I learned in journalism school to always “follow the money”, but perhaps a better rule of thumb in the aerospace industry is to “follow the engines”.
In more ways than one, engine technology is the propelling force of the aerospace industry. Airframers learned a long time ago never to launch a new aircraft unless at least one of the big engine makers was ready — both technically and financially — to support it.
That’s partly why I’m fascinated by the General Electric GE38-1B [shown at right], the 7,500shp monster currently under development to power the new Sikorsky CH-53K. Pardon the cliche, but it literally goes where no engine has gone before, filling a yawning gap in the market for turboshaft engines.
Don’t think for a second that Sikorsky is the only airframer that recognizes such a new opportunity. Expect both helicopter and fixed-wing manufacturers to quickly leap into the market space created by the existence of an engine in a previously untapped thrust-range.
That’s why I wrote a one-page profile of GE’s plans for the GE38-1B in next week’s Flight International magazine. Click on the link below to get a sneak-preview.
GE taps new market with GE38-1B
By Stephen Trimble / Washington DC
Twoextremes divide the current market for large turboshaft engines. EuropropInternational occupies the high-end with the 10,000shp-class TP400. Rolls-Roycedominates the low-end with the 6,000shp-class Rolls Royce AE2100/1107C family.
Betweenthese extremes lies a currently vacant, vast middle ground ripe for developmentand growth over the next few decades.
First tomarket in this unpopulated market region will unquestionably be the GeneralElectric 7,500shp GE38-1B, selected 18 months ago to power the 84,700lb USMarine Corps Sikorsky CH-53K.
GE hasfinally disclosed the first details about the GE38′s closely-held developmentprogramme, as well as offered a glimpse of the company’s vision for theheavylift market space.
EdBirtwell, GE’s vice president and general manager for turboshaft engines,compared the new GE38′s market potential to that of the company’s flagshipT700, a 3,000shp-class engine that powers thousands of Sikorsky Black Hawk andBoeing AH-64 Apache helicopters, among many others.
“We hopethat this is a programme that has the success of the T700 with otherapplications,” Birtwell said.
To realizethat potential, new classes of heavylift helicopters and medium-lift,fixed-wing transports will have to emerge over the next decade. The marketcould include growth versions of existing helicopters like the CH-53K, as wellas possibly all-new aircraft.
“We willalways have a huge need for medium lift helicopters like the Black Hawk,” saidRhett Flater, executive director of the American Helicopter Society. “On theother hand, some of the experiences that the US Marine Corps and the army haveencountered in
Anotheroption for GE could be capturing a share of Rolls-Royce’s grip on theheavy-lift market.
The USMC isinvestigating the GE38-1B as a replacement for the AE1107C that powers theBellBoeing MV-22 Osprey, a medium-lift tiltrotor. USMC officials have expressedconcerns about the durability of the AE1107C after experiencing sand ingestionin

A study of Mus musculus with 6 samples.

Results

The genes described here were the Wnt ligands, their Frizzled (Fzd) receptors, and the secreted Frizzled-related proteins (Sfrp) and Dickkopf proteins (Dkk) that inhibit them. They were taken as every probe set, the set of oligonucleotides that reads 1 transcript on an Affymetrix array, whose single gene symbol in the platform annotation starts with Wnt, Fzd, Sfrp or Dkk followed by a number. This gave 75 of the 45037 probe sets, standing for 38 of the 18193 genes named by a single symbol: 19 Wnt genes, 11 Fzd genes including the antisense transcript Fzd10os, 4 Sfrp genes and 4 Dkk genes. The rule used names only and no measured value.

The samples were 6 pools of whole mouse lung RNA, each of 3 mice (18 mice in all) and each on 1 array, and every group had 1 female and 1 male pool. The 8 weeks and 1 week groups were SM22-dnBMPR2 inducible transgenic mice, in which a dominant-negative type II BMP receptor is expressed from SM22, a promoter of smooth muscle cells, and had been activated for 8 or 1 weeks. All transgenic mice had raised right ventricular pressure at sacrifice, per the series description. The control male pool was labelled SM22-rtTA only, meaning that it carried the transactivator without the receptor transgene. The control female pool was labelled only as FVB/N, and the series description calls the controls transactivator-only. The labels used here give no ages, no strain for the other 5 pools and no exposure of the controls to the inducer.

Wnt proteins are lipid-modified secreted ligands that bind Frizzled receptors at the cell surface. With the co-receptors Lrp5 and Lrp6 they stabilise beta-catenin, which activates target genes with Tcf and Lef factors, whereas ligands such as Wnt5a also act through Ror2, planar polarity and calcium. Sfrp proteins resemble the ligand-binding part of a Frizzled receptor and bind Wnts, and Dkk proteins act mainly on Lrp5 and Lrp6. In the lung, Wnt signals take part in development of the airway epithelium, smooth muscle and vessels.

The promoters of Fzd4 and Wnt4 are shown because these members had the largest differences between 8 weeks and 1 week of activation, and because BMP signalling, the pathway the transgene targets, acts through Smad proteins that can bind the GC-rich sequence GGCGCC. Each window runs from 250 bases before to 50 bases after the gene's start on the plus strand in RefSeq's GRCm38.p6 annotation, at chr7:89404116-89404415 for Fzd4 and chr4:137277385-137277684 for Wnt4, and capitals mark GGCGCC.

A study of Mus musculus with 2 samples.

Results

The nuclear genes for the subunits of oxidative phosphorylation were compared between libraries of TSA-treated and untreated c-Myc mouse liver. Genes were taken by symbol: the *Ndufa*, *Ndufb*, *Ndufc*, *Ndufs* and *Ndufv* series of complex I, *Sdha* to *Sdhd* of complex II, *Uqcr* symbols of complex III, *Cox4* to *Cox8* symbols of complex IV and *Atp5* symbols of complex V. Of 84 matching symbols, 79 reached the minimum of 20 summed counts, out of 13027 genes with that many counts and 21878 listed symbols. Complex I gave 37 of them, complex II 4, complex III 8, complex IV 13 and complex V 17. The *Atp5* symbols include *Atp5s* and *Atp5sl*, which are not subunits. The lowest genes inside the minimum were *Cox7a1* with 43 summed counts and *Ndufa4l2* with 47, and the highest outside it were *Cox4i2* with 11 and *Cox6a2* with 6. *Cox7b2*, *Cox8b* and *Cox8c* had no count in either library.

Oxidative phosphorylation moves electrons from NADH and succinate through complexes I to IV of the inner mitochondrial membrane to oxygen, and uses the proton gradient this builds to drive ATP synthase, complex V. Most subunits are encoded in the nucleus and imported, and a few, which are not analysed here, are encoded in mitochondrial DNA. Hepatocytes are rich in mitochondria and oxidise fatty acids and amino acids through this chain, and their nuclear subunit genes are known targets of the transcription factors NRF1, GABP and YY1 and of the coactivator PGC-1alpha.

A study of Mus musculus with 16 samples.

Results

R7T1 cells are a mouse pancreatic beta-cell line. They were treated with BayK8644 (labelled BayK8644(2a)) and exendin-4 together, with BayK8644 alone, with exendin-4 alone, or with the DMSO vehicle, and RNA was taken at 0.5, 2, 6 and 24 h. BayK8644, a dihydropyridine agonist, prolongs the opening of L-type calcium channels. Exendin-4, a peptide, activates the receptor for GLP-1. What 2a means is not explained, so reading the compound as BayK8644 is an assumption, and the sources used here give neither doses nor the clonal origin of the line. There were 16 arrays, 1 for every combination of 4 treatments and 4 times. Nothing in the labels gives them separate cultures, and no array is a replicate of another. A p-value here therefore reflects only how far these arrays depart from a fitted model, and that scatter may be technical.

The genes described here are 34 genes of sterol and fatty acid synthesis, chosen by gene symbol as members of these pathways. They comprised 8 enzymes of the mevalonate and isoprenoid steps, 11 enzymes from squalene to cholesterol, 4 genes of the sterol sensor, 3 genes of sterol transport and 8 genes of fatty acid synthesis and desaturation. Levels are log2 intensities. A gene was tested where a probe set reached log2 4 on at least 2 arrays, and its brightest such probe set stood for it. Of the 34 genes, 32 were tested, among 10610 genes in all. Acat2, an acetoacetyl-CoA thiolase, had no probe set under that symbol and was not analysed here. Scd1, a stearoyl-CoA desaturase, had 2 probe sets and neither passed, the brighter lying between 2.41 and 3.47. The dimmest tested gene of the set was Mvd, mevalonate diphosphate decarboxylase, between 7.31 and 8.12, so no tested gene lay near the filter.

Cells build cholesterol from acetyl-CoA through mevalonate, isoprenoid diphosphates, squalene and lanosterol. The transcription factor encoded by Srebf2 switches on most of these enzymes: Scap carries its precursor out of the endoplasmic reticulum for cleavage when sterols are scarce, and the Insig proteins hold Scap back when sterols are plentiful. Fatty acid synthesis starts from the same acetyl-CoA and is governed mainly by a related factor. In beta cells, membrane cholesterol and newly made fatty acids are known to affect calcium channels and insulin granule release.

“TheAE1107C compressor does not currently take advantage of protective coatings tominimize sand and dust erosion,” Rolls said in a statement. “However, we have outlined with the customeran engine coating program to begin in-service evaluations in the near future.”
LockheedMartin also may have to upgrade the payload capacity of the venerable C-130JHercules, as the size of the vehicles for the army’s Future Combat System growsfrom about 20t to about 27t. At that time, the GE38 may be viewed as anattractive alternative to the Rolls AE2100.
Birtwelldeclined to comment about specific opportunities for the GE38 beyond theCH-53K, but clearly described GE’s strong interest in pursuing those options.
“GE made aninvestment in this program as well. It’s not just government money,” Birtwellsaid. “We did it for a reason. We are highly aware of the various otherapplications in this power class.”
GE’scompetitors are also well aware of this potential new market. Honeywell buildsthe 5,000shp T55-GA-714 engine for newer-model Boeing CH-47s, and hasadvertised a more powerful, next-generation version called the 55-L-71X.
Facing suchcompetitive pressure, GE is holding off on concepts for future applications tofocus on delivering the GE38-1B on time for Sikorsky’s CH-53K programme.
“We do needto focus on this one particular job because we want to get the engine rightfirst and then we can work on other things,” Birtwell said.
Earlierthis month, GE released engineering drawings for engine parts to the supplychain, he said. Passing that internal milestone means the company has finalizeddesign of the engine components, allowing fabrication of parts to begin for thefirst engine to test.
The first rigtest is scheduled in July to analyze the combustor. That will be followed by asecond rig test in the first quarter of 2009 to check the lubrication system atvarious engine attitudes in pitch and yaw.
The firstcomplete engine to test is scheduled to be installed on GE’s test stand in thefirst half of next year. GE is building a total of 20 engines to support 6,000hours of flight testing on five prototype CH-53Ks.
The GE38-1Bemerged as an outgrowth of the GE27 “mature technology demonstrator engine” inthe 1980s and the T407 proposed for the subsequently cancelled Lockheed P-7patrol aircraft. The GE38-1B is based on the same architecture, but boasts 20%more power than the T407 driven by an updated core hot section and a redesignedpower turbine.
For theCH-53K, GE was initially prepared to offer a growth version of the GE T64engine that currently powers the CH-53E fleet.
However,”as the requirement evolved the power requirement got to be such that it wasmore than the T64 architecture could handle,” Birtwell said.